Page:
Boulder Park National Natural Landmark, of Douglas County, Washington, along with the nearby McNeil Canyon Haystack Rocks and Sims Corner Eskers and Kames natural landmarks, illustrate well-preserved examples of classic Pleistocene ice stagnation landforms that are found in Washington. These landforms include numerous glacial erratics and haystack rocks that occur near and on the Withrow Moraine, which is the terminal moraine of the Okanogan ice lobe.


Boulder Park is located on the Waterville Plateau of the Columbia Plateau in north central Washington state in the United States. It is a broad, dish-shaped upland basin that overall dips gently northward. The Waterville Plateau extends east from Columbia River to the Grand Coulee. This plateau is underlain by Columbia River Basalt that is covered by a discontinuous blanket of 14,000 to 20,000 year-old glacial deposits.

This park lies about 6 kilometers (3.7 mi) northeast and 17 kilometers (11 mi) north of the arcuate ridge of the Withrow Moraine. It marks the southern, 17,000 year-old terminus of the Okanogan ice lobe and southern margin of the Cordilleran Ice Sheet. Boulder Park and adjacent areas is covered by a discontinuous blanket of gravelly, sandy loam glacial till. These glacial deposits overlie and partially to completely fill Moses Coulee, a paleochannel cut by a pre-Wisconsin, megaflloods that predate the Last Glacial Maximum. It was cut by older Spokane Floods at a time prior to when the Okanogan ice lobe partially covered the Waterville Plateau during most of the last of the Last Glacial Maximum. At its maximum extent, this ice lobe was up to 300 meters (980 ft) thick and 40 kilometers (25 mi) wide. It effectively blocked most of the Columbia River Valley and created Glacial Lake Columbia.

The boulders for which this National Natural Landmark is named, consist of glacial erratics and boulders known locally as haystack rocks that were transported southward by the Okanogan ice lobe of the Cordilleran ice sheet. The glacial erratics consist largely of granodiorite and gneiss that were transported southward. Haystack rocks consist of locally derived basaltic boulders. Because haystack rocks are identical to the local bedrock, they by definition cannot be classified as glacial erratics. Haystack rocks are blocks of basalt ripped from the entablature of the Columbia River Basalt Group by glacial ice of the Okanogan ice lobe. Preferential weathering along the joints of the entablature results in piles of talus, which together with the weathered erratics, that from a distance look like black haystacks. Some haystack rocks, e.g. Yeager Rock, are the size of large houses. The boulders provide important evidence for glacial erosion and transport, as well as marking the direction of movement and the terminus of the Okanogan ice lobe and the southern margin of the Cordilleran ice sheet during the Last Glacial Maximum.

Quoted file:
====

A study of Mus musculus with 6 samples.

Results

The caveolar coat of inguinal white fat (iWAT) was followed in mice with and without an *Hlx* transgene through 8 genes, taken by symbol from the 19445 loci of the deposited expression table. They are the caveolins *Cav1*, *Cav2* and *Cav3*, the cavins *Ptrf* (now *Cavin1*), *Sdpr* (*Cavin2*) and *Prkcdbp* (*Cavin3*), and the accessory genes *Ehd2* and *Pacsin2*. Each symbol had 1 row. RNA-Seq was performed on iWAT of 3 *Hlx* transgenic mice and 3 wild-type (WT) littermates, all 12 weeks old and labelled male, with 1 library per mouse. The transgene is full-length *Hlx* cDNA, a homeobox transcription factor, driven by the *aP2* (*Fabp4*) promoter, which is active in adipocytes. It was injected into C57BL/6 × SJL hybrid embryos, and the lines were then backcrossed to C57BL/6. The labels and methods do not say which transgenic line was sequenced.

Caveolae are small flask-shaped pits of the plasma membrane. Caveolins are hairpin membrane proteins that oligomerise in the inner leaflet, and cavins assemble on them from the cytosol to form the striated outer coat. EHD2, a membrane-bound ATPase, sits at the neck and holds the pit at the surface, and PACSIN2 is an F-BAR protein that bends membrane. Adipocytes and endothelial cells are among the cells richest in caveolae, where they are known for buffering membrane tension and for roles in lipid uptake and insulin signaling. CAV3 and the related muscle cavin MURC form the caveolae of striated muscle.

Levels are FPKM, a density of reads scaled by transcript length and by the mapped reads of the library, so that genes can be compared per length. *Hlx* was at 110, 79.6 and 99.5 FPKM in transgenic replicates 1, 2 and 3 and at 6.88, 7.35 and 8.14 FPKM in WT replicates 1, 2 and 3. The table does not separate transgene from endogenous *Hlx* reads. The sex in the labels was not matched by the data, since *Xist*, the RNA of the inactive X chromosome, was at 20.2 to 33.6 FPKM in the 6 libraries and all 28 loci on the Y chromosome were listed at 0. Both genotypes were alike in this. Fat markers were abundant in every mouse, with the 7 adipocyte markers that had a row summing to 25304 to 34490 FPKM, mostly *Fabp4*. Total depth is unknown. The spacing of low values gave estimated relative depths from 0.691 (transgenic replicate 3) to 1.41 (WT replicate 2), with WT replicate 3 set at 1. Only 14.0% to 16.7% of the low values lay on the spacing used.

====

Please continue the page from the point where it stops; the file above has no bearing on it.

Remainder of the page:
Underlying the glacial deposits of the Okanogan ice lobe and outcropping, where it is absent, is the middle Miocene, Priest Rapids Member of the Wanapum Basalt. Within the area of this park, it consists of grayish-black, fine- to coarse-grained basalt lava flows that contain scattered, fine-grained phenocrysts of either plagioclase or plagioclase and olivine. The Wanapum Basalt is part of the late Miocene and early Pliocene Columbia River Basalt Group. This group covers parts of the states of Washington, Oregon, and Idaho in the United States of America. It forms a large igneous province that covers an area of 163,700 km2 (63,000 mile2) of the Pacific Northwest with an estimated volume of 174,300 km3 of basalt lava and other volcanics. Eruptions were most vigorous between 17 and 14 million years ago, when over 99% of the basalt was released. Less extensive eruptions continued between 14 and 6 million years ago.